The company developed new work, created new opportunities for professional development, attracted new audiences and created a huge finale event. Filling a gap in dance provision in the county, HR1 established 8 new dance classes in the main market towns creating some 1,500 attendances from October 2011 to July 2012.

Responding to a longstanding lack of professional development opportunities in Herefordshire, the Offshoot initiative employed two apprentice dance artists and the creation of a semi-professional company. Tamsin Fitzgerald, Artistic Director of 2Faced also worked with two external choreographers, Tom Dale and Freddie Opoku Addaie, to create In The Dust, a new body of work that has since toured to over 100 venues, including four countries outside of the UK.

The 18 month long programme was brought together at the GLOW Dance Festival, a one-off, full day outdoor celebration of dance. Professional dancers, private dance schools and community dance groups offered performances and participation, accompanied with family-friendly events. As night fell, a grand fire-lit performance featuring 2Faced and other dance groups filled the main stage.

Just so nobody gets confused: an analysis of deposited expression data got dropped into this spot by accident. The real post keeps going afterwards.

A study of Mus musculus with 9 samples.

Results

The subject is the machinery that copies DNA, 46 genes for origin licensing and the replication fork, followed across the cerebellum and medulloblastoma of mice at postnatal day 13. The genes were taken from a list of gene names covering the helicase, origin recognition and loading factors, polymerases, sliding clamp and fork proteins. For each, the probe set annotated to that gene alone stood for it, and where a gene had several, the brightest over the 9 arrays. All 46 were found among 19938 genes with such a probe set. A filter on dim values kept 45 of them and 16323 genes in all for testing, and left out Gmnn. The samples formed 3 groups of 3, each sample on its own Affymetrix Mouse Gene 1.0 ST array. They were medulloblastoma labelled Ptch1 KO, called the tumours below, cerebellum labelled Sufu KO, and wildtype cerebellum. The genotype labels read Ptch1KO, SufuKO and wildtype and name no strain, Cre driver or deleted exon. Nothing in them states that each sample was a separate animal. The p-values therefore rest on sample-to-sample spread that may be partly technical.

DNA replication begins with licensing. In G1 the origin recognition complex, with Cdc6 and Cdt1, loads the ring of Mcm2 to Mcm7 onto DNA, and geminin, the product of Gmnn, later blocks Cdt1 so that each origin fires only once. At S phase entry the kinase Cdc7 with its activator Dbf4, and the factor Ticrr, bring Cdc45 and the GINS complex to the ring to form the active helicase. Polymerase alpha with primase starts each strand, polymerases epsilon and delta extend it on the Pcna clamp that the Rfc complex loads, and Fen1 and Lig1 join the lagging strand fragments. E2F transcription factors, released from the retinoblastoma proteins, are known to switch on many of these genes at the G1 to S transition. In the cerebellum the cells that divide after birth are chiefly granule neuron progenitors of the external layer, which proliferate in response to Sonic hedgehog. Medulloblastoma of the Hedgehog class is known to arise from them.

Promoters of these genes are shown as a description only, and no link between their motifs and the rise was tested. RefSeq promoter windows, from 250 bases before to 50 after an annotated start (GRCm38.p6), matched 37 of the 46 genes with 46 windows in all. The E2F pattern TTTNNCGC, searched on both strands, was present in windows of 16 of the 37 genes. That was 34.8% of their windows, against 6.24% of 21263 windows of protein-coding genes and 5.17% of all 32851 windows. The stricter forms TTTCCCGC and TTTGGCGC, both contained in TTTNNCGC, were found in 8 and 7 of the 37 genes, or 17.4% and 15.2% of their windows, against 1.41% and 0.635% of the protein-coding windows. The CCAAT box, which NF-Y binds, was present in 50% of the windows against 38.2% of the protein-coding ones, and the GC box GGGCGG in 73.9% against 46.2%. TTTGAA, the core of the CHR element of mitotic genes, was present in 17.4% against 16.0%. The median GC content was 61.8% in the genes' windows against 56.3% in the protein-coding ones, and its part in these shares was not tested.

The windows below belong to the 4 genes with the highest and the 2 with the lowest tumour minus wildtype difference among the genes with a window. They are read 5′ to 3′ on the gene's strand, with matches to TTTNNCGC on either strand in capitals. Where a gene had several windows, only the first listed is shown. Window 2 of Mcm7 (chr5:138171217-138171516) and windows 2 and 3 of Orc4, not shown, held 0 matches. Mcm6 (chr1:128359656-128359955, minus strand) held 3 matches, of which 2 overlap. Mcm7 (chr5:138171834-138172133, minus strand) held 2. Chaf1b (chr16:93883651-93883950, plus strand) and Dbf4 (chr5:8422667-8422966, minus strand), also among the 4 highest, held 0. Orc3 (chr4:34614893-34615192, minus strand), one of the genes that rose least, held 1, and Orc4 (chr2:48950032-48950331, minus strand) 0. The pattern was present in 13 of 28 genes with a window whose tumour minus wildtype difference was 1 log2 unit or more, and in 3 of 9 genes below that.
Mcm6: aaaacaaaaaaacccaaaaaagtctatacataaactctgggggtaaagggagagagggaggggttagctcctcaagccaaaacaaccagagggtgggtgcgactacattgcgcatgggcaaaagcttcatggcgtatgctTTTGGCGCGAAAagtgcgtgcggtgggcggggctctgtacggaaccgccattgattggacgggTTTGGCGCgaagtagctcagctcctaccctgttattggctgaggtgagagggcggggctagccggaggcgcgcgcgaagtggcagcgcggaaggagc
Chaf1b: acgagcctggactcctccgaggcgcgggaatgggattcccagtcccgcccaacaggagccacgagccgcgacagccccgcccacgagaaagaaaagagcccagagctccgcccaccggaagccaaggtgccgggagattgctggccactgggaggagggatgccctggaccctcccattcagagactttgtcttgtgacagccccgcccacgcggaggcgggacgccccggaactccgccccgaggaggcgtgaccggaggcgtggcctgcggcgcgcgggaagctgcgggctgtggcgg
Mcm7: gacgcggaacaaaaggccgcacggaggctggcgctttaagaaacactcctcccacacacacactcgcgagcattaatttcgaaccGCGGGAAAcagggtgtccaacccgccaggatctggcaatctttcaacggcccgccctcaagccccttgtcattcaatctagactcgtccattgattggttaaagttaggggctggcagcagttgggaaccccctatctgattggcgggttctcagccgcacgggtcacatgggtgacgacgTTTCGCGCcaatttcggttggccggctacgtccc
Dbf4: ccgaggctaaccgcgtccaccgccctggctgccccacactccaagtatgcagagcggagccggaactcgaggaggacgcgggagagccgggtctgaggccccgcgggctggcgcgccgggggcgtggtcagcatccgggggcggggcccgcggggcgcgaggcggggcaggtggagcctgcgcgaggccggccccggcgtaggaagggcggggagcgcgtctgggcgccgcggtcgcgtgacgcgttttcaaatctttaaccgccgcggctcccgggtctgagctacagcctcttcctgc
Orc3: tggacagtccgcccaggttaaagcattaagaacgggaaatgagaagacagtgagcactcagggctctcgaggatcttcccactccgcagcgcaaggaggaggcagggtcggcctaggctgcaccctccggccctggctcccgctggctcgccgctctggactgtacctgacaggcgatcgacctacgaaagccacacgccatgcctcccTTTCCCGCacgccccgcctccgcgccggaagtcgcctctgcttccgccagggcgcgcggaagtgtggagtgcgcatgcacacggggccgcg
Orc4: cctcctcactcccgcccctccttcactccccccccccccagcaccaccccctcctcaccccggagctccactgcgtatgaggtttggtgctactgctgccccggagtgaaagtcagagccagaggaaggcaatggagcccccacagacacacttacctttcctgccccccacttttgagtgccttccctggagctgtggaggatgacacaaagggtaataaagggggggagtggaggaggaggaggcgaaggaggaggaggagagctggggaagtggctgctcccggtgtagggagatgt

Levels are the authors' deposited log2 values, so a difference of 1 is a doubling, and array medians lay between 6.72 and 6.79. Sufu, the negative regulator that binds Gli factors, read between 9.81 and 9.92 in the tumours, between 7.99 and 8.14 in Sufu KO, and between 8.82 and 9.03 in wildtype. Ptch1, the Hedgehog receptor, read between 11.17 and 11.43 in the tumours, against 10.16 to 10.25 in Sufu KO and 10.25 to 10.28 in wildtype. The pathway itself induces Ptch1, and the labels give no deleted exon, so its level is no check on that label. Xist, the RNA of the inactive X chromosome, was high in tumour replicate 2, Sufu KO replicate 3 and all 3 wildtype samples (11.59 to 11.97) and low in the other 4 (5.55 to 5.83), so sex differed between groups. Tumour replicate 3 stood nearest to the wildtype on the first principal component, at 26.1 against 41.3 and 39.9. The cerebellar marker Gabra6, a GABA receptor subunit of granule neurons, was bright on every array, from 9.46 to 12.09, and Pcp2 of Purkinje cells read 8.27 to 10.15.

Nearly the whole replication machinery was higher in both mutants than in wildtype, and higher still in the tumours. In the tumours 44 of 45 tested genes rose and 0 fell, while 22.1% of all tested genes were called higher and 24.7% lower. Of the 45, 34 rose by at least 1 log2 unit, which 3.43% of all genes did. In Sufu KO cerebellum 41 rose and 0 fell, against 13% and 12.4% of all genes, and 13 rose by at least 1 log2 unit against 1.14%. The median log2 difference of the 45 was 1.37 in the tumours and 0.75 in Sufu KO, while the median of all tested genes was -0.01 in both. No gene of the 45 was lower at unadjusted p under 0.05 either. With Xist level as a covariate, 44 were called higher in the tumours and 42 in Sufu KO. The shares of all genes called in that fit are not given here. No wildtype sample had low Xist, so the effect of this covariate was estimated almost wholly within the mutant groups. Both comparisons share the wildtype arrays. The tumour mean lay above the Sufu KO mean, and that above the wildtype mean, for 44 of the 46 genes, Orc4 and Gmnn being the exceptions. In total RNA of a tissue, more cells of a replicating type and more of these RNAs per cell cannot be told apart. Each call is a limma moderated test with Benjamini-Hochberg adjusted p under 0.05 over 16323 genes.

The creation of GLOW was highly ambitious for 2Faced, the first time that they have organised a festival event of scale, located in a rural city and with a limited production budget. Challenges certainly existed: working on a historical site, dealing with contractors and the limitations of the London 2012 branding all raised production issues. However, GLOW reached beyond the typical, with 25% of pre-bookings coming from the most deprived areas of Hereford.

A number of 2Faced’s classes in the market towns are set to continue, and new relationships between the county’s dance organisations have been formed. A new programme of training and development is currently being put in place for dance artists in Herefordshire, to create a centre of excellence.

HR1 was part of the Legacy Trust UK programme Dancing for the Games, with additional funding from Arts Council England.

This article was originally published in Cultural Olympiad and London 2012 Festival in the West Midlands: A Record. Reproduced with kind permission of Dancing for the Games.